In a research note published Friday, Wells Fargo analyst David Maris initiated coverage on Valeant Pharmaceuticals Intl Inc. (TSX:VRX)(NYSE:VRX) with an underperform rating, along with a $65-68 target price.
Mr. Maris actually has a long history with Valeant. Back in 2003 he put out a negative report on Valeant’s predecessor company, Biovail. He focused on the company’s explanation that its numbers missed because a truck carrying a large amount of medicine crashed. For this report, he was fired from his job, embroiled in a lawsuit, and shunned by Wall Street. What makes this story especially awful is that he was right about the facts.
So Mr. Maris is certainly worth paying attention to, even though Valeant backers will undoubtedly argue that his experience makes him biased. Below are his main arguments against Valeant.
Mr. Maris’s main arguments concern Valeant’s “considerable subjectivity” in its financial reports. To illustrate, he points out that receivables have grown far faster than sales over the past several years. He also doubts the validity of Valeant’s cash EPS metric. And he is skeptical about the company’s setting up of deferred-tax asset accounts.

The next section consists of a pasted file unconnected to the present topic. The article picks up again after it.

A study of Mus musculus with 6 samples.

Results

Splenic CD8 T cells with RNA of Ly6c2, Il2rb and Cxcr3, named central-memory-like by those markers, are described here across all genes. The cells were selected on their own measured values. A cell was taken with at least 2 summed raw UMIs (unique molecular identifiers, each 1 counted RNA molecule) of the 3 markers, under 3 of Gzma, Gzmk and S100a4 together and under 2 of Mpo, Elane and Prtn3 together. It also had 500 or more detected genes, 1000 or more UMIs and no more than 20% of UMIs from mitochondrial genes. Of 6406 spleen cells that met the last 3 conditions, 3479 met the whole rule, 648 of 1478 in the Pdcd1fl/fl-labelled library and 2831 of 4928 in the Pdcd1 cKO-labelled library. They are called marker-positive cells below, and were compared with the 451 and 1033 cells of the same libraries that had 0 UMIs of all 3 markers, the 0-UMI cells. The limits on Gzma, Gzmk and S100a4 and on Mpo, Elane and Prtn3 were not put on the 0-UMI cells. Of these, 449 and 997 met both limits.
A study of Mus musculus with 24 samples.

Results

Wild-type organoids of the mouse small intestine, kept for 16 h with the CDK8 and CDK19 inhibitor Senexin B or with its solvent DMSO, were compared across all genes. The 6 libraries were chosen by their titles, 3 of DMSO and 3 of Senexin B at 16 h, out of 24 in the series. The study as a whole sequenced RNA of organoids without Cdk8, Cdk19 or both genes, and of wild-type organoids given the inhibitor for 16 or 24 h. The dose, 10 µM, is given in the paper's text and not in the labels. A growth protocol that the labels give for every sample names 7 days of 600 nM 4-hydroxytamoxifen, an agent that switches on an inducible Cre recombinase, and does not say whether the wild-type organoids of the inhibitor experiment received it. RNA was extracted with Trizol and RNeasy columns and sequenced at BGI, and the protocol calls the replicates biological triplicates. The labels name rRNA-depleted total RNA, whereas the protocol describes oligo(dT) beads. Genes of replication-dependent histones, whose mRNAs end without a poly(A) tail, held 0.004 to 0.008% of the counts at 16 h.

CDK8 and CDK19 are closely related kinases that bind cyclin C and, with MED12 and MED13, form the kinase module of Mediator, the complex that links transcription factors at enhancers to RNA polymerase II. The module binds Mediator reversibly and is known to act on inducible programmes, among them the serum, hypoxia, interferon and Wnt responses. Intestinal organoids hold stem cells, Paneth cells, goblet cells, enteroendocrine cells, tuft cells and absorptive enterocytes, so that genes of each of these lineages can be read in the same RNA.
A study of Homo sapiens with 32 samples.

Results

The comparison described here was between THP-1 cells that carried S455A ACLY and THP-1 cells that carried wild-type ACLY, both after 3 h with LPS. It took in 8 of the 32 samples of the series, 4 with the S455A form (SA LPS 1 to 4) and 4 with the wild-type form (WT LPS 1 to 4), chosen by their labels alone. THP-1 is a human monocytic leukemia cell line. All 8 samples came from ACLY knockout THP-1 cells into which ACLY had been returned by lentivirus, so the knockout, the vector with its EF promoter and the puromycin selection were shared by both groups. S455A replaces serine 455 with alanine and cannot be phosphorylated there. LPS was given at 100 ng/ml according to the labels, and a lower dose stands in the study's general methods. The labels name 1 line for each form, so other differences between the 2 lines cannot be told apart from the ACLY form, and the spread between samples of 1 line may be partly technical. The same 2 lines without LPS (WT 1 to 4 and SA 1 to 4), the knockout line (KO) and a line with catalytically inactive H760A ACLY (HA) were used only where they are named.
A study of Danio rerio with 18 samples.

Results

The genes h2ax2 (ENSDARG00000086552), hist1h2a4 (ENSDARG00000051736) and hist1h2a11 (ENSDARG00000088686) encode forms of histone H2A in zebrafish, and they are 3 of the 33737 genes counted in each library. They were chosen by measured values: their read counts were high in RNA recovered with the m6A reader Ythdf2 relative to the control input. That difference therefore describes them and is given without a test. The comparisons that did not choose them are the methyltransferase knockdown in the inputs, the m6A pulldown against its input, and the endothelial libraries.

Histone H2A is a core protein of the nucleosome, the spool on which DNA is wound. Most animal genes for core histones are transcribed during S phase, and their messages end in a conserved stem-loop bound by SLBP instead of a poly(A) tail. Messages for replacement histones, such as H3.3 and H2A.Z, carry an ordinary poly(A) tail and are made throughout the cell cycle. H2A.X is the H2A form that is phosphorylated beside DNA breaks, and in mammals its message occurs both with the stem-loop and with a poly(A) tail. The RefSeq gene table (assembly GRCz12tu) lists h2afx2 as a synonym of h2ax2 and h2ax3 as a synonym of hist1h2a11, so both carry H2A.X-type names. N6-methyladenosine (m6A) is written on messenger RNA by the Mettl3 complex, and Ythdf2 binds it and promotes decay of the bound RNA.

Too much debt
Thanks to its acquisitive history, Valeant has about US$30 billion of debt, and Mr. Maris thinks that this will become a serious burden. In fact, he thinks the company will need to use its entire free cash flow to pay this debt down.
The Walgreens deal
In mid-December, Valeant announced a new distribution deal with Walgreens, one that ideally would plug the revenue gap from the termination of Philidor. Investors initially reacted well to the news, sending Valeant’s shares up by 17%.
But Mr. Maris is not impressed. He claims that Valeant has failed to explain what fees Walgreens will charge to distribute its drugs. He also says Valeant hasn’t shed light on if the volume from Walgreens will make up for Philidor’s absence.
Mr. Maris is probably on to something here. The mere fact that Valeant signed this deal right after the Philidor debacle indicates that Walgreens had the upper hand in negotiations. So those who are expecting the Walgreens deal to plug the gap is probably kidding themselves.
In his report, Mr. Davis did acknowledge some positive aspects of Valeant’s business. He cites a number of brands that are performing very well, including Xifaxan, the company’s number one drug. He also notes that the company is well diversified by product line.
That being the case, this is still an incredibly risky stock, one that Mr. Davis thinks is overvalued. So even though the stock has come off a lot since his report was published, this is a name I would stay away from.